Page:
Tuesday, December 23, 2008

How Kipper Gets His Turns Back

Eighteen inches of snow have fallen on Burlington this weekend, twice that at Sugarbush. I was there for first run Saturday morning, taking three down double diamond Stein’s Run before I went to work with my four year olds.

More runs in the afternoon and more on Sunday begins to show me that perhaps something special is happening here afterall. I purposefully took the runs by myself, consciously looking for the smooth line that could bring me down the mountain.

For weeks, now, I have been describing the struggle to learn a new style, writing that the change from exuberant dance and battle through moguls to a smooth instructor's turn, although uncomfortable and alien, serves as a good metaphor for the changes needed in my life in general. So weary of the tumult and scarcity, the strained and screaming muscles forcing their way, I have vowed to hold the concepts of prosperity and abundance close to me as I point my skis downhill and push off.

In similar periods of distress (and, lo, there have been too many!), I have taken deposits for the next construction job and applied them to bills from the last, straining to keep from crashing face first into another bump. Begging and pleading with creditors for just a little more time, breathing room has always been just out of reach.

When the truck broke down last week, I was clearly out of options and, without any internal discussion, I knew to the center of my soul, I had to react a different way, make that new style of turn.

Two days earlier, I had met with someone about a book-keeping job for a bio-energy consulting firm. Although the product was unknown to me and the money by the hour was far less than could be made as a carpenter, it was not frought with risk and challenge, but consistently earned hour by hour.

Having crossed that line to embrace the concept that less money with more reliability gains so much more peace of mind, I studied my expenses in the last months of this new life and saw how this, combined with some other incomes, could work. Developing a plan, organizing a budget, cleaning house settles the anxiety of the unknown into manageable bites to swallow.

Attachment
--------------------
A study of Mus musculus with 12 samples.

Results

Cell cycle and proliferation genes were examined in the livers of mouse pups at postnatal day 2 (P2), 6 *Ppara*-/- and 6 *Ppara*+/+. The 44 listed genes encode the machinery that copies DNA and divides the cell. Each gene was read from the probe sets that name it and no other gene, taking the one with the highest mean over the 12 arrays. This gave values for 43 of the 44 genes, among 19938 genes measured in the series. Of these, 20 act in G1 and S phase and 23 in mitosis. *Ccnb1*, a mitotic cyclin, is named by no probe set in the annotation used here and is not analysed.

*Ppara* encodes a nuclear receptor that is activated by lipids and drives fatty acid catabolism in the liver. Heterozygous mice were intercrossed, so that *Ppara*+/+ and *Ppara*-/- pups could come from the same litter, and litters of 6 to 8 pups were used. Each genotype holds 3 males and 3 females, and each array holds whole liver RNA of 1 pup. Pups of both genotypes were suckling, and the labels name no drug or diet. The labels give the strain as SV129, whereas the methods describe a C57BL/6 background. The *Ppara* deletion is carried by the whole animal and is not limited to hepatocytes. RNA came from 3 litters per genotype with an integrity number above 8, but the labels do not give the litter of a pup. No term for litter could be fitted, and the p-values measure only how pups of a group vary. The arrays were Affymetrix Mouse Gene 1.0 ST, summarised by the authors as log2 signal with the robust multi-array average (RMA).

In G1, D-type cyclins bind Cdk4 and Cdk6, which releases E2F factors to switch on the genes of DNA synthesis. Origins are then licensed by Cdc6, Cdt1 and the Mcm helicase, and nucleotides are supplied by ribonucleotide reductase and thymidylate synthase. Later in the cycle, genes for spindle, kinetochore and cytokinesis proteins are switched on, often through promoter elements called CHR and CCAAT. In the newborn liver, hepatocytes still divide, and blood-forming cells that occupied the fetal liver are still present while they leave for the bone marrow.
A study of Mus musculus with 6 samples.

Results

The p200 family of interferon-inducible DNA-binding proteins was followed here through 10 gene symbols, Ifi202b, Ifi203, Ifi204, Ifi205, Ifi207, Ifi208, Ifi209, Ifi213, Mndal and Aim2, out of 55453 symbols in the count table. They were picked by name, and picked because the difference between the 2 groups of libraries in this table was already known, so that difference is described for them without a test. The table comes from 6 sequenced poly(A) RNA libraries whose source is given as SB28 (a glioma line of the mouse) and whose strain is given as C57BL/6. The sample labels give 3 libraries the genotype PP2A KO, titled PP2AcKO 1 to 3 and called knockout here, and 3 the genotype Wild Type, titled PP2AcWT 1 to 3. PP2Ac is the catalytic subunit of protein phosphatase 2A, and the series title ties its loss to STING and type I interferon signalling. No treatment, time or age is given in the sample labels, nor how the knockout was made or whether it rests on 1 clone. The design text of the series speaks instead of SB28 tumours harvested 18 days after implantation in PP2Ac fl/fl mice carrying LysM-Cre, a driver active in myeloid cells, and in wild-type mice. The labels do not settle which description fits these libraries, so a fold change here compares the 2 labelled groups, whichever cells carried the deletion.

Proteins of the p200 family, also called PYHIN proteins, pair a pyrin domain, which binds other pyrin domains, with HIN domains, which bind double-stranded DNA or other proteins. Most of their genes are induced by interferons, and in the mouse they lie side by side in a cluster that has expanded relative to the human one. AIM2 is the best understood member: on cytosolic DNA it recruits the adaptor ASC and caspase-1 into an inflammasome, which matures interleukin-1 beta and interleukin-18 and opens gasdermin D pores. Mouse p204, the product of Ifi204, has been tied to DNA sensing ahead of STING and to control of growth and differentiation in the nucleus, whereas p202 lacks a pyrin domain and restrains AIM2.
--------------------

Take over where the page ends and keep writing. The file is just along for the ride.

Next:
Although few are hiring, I dropped off applications and resumes at numerous larger construction companies, stressing that I wanted office work, no nail belt in sight. One smaller company, very similar to mine at its best, needs a part-time office manager. Against fierce competition, I emphasize my unique qualifications of expertise in the business and contentment to just count numbers 20-30 hours a week, and they seem to agree. I pray that our needs align, for it seems the perfect balance of solutions to me.

It all began with a determination to write in a journal, no matter the prying eyes that might judge me unfairly. When I started this blog, it felt like a diseased patient, diagnosed as terminal, moving from bed to sofa, wrapped in a comforting blanket, turning eyes from internal struggle outwards to view the rest of the world, and making a choice to live.

The move to my space at Riverside I made to hear my own voice, long contaminated by the clatter and clamor of demands and duties, no longer clear, but strained and ineffectual. In moments of stillness, music arose to celebrate steps small and large. My fingers itching were able to stretch and caress, my voice returned, strengthening old phrases with new timber and pitch, and finding new songs.

So, alone on that trail in the soft quiet of the raging storm, warm and clear-sighted, I pushed off and soared through a field of moguls, skis carving turns as pretty as an instructor and dancing out and into the air with punctuations of personality completely my own. My heart sings with fresh life, so much glistening powder untracked and seductive spread out before me.


Laurie said...

It sounds like you are finding some peace in all of this. Sometimes less is more if the less is steady. There is something to be said for peace of mind. It will allow you some time to recoup and de-stress. Meanwhile you can keep your writing going and explore all the avenues there. You are very perseverent Kip. That is something not everyone has. Who do you believe was more perseverent? Alexander Graham Bell or William Dunn? I guess the fact that you don't know who William Dunn is would give you a clue. Keep your head held high. There is integrity in hanging in and doing it with class, both of which you are doing my friend. Merry Christmas.

Carol said...

Wow, sounds like you've been through the ringer lately Kip. I do hope that financially 2009 is more settled for you.

Cricket said...

Hey Kip,

I am reading this a little late but hey....you have style. You are not going down and you are still standing.